Overcrowding putting schools at risk of breaking point

By Josie Timms

Almost one in five schools across England does not have enough space for its pupils, according to a Labour party study.

The study, conducted in response to a Freedom of Information requests to local authorities, found 18% of schools were over capacity, with a further 9% at full capacity. Labour has argued that this is partly due to the coalition policy of diverting money to new free schools, even though a number of these have been opened in areas with little demand.

The study also found that 78% of English local authorities said that they would need primary school places to be increased again by September 2017, adding further pressure.

This information comes in the week when parents are expected to finalise their children’s primary school applications. Parents with children due to start school in September must complete the application process by Thursday, with children being allocated places by mid-April.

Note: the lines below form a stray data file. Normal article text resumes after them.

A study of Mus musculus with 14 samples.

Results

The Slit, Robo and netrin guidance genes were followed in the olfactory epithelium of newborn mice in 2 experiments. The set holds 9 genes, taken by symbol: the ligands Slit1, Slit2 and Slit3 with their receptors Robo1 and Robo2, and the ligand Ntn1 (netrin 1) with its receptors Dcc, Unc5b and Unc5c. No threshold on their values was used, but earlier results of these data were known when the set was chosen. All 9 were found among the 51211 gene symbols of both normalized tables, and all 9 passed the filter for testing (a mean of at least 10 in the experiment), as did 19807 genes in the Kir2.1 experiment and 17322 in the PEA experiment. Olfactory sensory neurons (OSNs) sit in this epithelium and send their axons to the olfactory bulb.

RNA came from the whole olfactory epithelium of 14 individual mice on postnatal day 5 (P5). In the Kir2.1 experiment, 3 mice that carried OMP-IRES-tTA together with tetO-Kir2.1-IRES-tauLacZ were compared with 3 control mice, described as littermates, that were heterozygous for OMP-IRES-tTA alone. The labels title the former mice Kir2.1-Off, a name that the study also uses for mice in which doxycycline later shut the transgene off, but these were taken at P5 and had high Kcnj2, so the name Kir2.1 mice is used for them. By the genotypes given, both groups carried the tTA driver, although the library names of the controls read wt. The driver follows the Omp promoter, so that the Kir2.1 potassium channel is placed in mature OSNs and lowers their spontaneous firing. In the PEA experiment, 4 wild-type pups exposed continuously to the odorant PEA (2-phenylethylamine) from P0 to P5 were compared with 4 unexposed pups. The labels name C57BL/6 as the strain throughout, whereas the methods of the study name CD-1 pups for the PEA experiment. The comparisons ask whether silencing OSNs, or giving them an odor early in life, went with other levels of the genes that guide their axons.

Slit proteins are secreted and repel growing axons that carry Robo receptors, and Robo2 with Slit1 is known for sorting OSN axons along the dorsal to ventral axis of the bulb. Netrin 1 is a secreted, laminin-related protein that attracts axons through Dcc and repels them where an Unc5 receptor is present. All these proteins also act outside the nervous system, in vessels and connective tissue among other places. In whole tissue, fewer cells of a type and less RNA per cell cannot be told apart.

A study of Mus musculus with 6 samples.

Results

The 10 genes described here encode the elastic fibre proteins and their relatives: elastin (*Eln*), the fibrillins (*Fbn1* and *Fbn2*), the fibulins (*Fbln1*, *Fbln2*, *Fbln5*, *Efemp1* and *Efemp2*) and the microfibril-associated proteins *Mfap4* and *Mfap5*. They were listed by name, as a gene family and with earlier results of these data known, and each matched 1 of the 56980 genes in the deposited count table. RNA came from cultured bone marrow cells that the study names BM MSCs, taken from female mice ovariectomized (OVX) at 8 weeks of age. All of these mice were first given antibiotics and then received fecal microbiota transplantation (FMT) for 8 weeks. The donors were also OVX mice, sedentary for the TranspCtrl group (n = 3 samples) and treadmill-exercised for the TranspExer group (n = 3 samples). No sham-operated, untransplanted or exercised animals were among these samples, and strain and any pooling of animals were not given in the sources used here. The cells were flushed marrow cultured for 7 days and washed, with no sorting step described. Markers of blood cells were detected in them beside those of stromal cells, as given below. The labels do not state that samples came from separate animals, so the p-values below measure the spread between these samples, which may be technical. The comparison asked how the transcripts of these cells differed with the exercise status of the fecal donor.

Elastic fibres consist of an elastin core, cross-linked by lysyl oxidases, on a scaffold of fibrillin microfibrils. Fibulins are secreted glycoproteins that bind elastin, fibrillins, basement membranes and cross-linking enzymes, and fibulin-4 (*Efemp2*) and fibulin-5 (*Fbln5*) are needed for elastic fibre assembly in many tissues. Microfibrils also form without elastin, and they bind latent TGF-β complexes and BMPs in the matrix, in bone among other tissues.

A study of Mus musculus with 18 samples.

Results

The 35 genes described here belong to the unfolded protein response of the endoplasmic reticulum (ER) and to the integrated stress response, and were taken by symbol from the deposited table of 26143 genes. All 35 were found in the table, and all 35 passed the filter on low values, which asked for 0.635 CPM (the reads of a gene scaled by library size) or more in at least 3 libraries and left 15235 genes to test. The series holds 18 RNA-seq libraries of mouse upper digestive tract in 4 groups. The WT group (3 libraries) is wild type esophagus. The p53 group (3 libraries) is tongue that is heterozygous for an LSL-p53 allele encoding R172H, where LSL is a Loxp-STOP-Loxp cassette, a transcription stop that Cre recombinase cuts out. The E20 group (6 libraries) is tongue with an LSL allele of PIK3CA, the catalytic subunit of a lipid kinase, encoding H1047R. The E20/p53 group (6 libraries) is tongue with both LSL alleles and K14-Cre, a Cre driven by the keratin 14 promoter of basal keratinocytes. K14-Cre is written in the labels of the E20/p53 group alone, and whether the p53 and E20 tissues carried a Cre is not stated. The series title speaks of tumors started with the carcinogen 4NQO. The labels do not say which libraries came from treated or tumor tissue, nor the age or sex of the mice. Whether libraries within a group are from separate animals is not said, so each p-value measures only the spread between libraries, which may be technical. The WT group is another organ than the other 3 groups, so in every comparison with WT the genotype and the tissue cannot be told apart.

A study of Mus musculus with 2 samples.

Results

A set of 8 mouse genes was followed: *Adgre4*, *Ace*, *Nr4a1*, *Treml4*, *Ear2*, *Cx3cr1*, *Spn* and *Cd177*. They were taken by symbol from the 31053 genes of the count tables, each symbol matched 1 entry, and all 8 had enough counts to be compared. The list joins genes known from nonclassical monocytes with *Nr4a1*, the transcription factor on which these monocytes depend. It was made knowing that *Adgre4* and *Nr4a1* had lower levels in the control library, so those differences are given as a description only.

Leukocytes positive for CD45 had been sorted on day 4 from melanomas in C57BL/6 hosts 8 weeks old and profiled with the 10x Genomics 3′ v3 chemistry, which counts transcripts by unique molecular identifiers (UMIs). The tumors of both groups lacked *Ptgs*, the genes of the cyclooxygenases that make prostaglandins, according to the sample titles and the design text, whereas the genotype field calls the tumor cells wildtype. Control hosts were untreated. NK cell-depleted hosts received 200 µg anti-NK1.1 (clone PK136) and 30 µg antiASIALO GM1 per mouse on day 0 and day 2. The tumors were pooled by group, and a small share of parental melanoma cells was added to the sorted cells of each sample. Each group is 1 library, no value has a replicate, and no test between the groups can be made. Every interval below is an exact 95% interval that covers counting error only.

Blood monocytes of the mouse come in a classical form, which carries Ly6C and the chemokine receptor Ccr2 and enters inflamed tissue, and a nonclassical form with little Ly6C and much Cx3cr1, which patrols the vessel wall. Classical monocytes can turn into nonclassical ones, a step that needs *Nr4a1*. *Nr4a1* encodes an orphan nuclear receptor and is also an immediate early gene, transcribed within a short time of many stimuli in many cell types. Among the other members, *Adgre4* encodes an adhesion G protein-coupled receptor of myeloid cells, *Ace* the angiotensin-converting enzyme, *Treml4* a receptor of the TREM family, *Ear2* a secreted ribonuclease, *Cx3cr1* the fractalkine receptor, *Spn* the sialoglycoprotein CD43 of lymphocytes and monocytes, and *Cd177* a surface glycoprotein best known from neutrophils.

The FoI exercise received answers from 124 local authorities. 24 did not respond or sent unusable answers, and the study notes some responses might not have included data for free schools or academies. Overall, out of the 13,063 local authorities involved 2,289 primary schools were found to be over capacity.

The Local Government Association states it wants the government to pay for the cost of creating places for the 900,000 new pupils it expects to see in schools across England over the next decade, which could run up a bill of £12bn.

The association also fears this demand for spaces could eventually push schools to breaking point, leaving them no more space or money to extend the schools.

Many primary schools across the country have already gone to extreme lengths to provide space for all their pupils. One school in Northumberland has converted an old double decker bus into teaching space, while another school in Barking has eight portable classrooms, which has taken up a car park and playground space.